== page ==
A computer numerically controlled (CNC) machine is an industrial tool with programming capabilities for automated operation. CNC machines are typically used in creation of machine parts that require a high degree of precision or have fine details, including medical devices and automotive parts.
A CNC machine operator must be knowledgeable in machining processes, qualities of the materials they are working with and computer operations. They must also understand how to set up these machines to produce parts based on exact specifications.
In some organizations, a CNC machinist is a more experienced CNC machine operator; however, in other organizations the two titles are largely interchangeable.
CNC machine operators must be familiar with software and essential programming languages. They must also be capable of following technical instructions and specifications, as well as figuring out the ideal setup to produce the correct product. A CNC machinist is often asked to read and comprehend blueprints that indicate fabrication tolerances. These skills require a solid mathematics foundation and an understanding of CAD/CAM technology.
Problem-solving skills are also very useful to a CNC machine operator. These professionals should be capable of evaluating the quality of products their machine is producing and make changes needed to the machine or their programming in order to boost quality.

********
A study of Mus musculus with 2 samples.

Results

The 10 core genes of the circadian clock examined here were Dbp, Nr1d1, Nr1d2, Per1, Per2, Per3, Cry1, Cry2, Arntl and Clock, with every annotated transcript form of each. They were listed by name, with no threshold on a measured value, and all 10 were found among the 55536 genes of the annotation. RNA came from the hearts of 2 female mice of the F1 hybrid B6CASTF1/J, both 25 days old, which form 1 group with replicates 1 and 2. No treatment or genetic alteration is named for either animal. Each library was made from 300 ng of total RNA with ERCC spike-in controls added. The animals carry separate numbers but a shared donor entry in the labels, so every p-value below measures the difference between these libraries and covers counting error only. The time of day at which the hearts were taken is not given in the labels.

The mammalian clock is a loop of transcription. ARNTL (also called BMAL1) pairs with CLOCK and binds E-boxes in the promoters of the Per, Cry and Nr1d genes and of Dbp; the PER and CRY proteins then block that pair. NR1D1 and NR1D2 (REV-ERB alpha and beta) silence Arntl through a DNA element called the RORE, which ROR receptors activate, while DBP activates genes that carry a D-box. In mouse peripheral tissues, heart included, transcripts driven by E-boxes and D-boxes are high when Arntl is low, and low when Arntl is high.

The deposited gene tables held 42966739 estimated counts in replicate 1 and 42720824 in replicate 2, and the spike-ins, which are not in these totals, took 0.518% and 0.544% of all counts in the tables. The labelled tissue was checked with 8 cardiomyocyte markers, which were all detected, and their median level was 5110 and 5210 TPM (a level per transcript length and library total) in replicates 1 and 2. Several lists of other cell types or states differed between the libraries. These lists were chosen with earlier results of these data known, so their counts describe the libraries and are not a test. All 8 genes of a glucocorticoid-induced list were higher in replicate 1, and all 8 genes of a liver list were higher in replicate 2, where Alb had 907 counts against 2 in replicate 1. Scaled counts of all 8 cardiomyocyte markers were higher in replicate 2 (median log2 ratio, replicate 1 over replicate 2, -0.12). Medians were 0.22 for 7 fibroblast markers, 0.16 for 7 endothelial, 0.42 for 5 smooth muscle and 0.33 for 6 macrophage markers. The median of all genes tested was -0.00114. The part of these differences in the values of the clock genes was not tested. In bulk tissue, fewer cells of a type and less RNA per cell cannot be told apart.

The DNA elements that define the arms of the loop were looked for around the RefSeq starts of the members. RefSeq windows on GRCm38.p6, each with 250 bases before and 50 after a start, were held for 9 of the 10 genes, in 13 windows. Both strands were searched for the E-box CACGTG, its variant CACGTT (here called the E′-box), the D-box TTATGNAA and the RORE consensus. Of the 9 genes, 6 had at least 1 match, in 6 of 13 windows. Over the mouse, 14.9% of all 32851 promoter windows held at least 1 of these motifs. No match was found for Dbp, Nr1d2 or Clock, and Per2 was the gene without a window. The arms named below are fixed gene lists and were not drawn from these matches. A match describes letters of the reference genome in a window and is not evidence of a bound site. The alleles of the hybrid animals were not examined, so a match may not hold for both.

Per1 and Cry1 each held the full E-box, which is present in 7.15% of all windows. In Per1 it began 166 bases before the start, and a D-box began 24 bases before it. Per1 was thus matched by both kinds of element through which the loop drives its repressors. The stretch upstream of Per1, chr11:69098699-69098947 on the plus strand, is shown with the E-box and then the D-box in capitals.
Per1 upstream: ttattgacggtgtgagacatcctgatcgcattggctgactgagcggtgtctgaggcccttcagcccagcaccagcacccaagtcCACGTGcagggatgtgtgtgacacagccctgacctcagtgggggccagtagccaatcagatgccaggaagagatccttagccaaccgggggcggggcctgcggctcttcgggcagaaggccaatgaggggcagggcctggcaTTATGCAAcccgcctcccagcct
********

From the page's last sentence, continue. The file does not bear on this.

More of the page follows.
There is a considerable variation in CNC machine types and setup requirements, but operators must have the knowledge and abilities needed to understand various machine subtleties.
While the typical CNC machinist job isn’t physically grueling, these professionals are known to work long hours on their feet.
Educational and training requirements
CNC machine operators generally start as assistants to experienced CNC machinists. Based on the person and training program, it may take as long as two years to become skilled as a CNC machinist. In some companies, progressing from a CNC machine operator to a CNC machinist calls for a few years of work experience.
Basic training for the job can begin in high school with science and math courses, particularly geometry and trigonometry. Secondary education is usually required for courses like blueprint reading and machine tooling. This instruction is available at trade and vocational schools, in addition to important certification programs.
The job of a CNC Machine Operator
CNC machine operators spend their days programming and operating their machines to make the cuts and shapes needed for part fabrication. Before fabricating parts, CNC operators must understand the part’s design by reading blueprints or drawings. Then, the machine is set up, loaded and unloaded. CNC machine operators are responsible for their machine running smoothly, troubleshooting issues that come up and making adjustments as necessary.
The work environment for this profession can vary from machine shops to production facilities. Physical demands are moderate; they can include standing for extended periods of time and lifting heavy materials. The job is also associated with a number of safety hazards. Operators must follow safety guidelines and use safe practices to minimize risk. Standard guidelines include wearing personal protective equipment to protect against flying bits of material, heat and machine noise.
At Action Group Staffing, we have a wide range of job opportunities for ambitious professionals, which often includes CNC machine operator positions. Please contact us today to find out more about how we can help your career.